The Zero-day has yet to be patched.

By Hannah Williams

It has been revealed by researchers that a critical Microsoft Office zero-day attack has been targeting Word users since late January. The yet-to-be-patched vulnerability lets hackers remotely execute code on a targeted computer by luring users into opening a Word document which contains an embedded exploit.

Security researchers from McAfee and FireEye discovered that the attack works on all Microsoft Office versions, including the latest Office 2016 that runs on Windows 10, which security experts had previously had faith in as one of the most secure OS.

Explaining the zero-day in detail, FireEye explained:

“When the user opens the document, winword.exe issues a HTTP request to a remote server to retrieve a malicious .hta file, which appears as a fake RTF file. The Microsoft HTA application loads and executes the malicious script. In both observed documents the malicious script terminated the winword.exe process, downloaded additional payload(s), and loaded a decoy document for the user to see. The original winword.exe process is terminated in order to hide a user prompt generated by the OLE2link.”

Therefore, as McAfee believes, the threat could be used to deliver multiple types of malware. Due to the it being a logical bug, it can also navigate around any memory-based mitigations.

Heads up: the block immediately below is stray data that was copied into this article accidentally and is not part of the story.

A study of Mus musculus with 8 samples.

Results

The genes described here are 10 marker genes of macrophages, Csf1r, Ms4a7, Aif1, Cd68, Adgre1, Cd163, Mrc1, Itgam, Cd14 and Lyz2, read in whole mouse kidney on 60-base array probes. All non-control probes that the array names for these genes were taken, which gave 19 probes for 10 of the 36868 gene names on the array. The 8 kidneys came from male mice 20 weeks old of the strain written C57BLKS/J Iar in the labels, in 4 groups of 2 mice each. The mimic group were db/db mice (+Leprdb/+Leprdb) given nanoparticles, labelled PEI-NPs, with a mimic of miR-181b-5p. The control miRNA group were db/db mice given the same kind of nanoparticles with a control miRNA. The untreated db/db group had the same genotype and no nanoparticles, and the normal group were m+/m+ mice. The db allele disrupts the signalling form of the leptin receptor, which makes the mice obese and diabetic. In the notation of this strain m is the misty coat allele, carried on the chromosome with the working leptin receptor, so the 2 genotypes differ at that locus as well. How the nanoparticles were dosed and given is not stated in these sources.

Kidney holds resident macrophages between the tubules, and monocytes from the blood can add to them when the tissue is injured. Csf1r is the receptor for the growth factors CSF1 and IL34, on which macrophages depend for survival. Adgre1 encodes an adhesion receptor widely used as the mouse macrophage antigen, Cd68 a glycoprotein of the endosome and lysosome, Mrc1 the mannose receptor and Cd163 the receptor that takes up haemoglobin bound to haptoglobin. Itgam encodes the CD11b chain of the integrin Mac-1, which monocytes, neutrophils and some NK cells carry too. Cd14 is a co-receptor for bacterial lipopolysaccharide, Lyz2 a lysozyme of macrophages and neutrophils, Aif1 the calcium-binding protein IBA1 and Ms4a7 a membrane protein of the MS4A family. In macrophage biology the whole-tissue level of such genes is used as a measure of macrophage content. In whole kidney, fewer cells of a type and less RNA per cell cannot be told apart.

Read more: Microsoft takes a back seat to Philip Hammond and security

“The successful exploit closes the bait Word document, and pops up a fake one to show the victim. In the background, the malware has already been stealthily installed on the victim’s system,” said McAfee in a blogpost.


Following this, both McAfee and FireEye have advised Microsoft Office users to apply the patch once it is available.

McAfee also advised:

“Do not open any Office files obtained from untrusted locations. According to our tests, this active attack cannot bypass the Office Protected View, so we suggest everyone ensure that Office Protected View is enabled, said McAfee.”

According to reports, a patch for the Microsoft Office zero-day could be released by the tech giant as early as tomorrow, April 11th.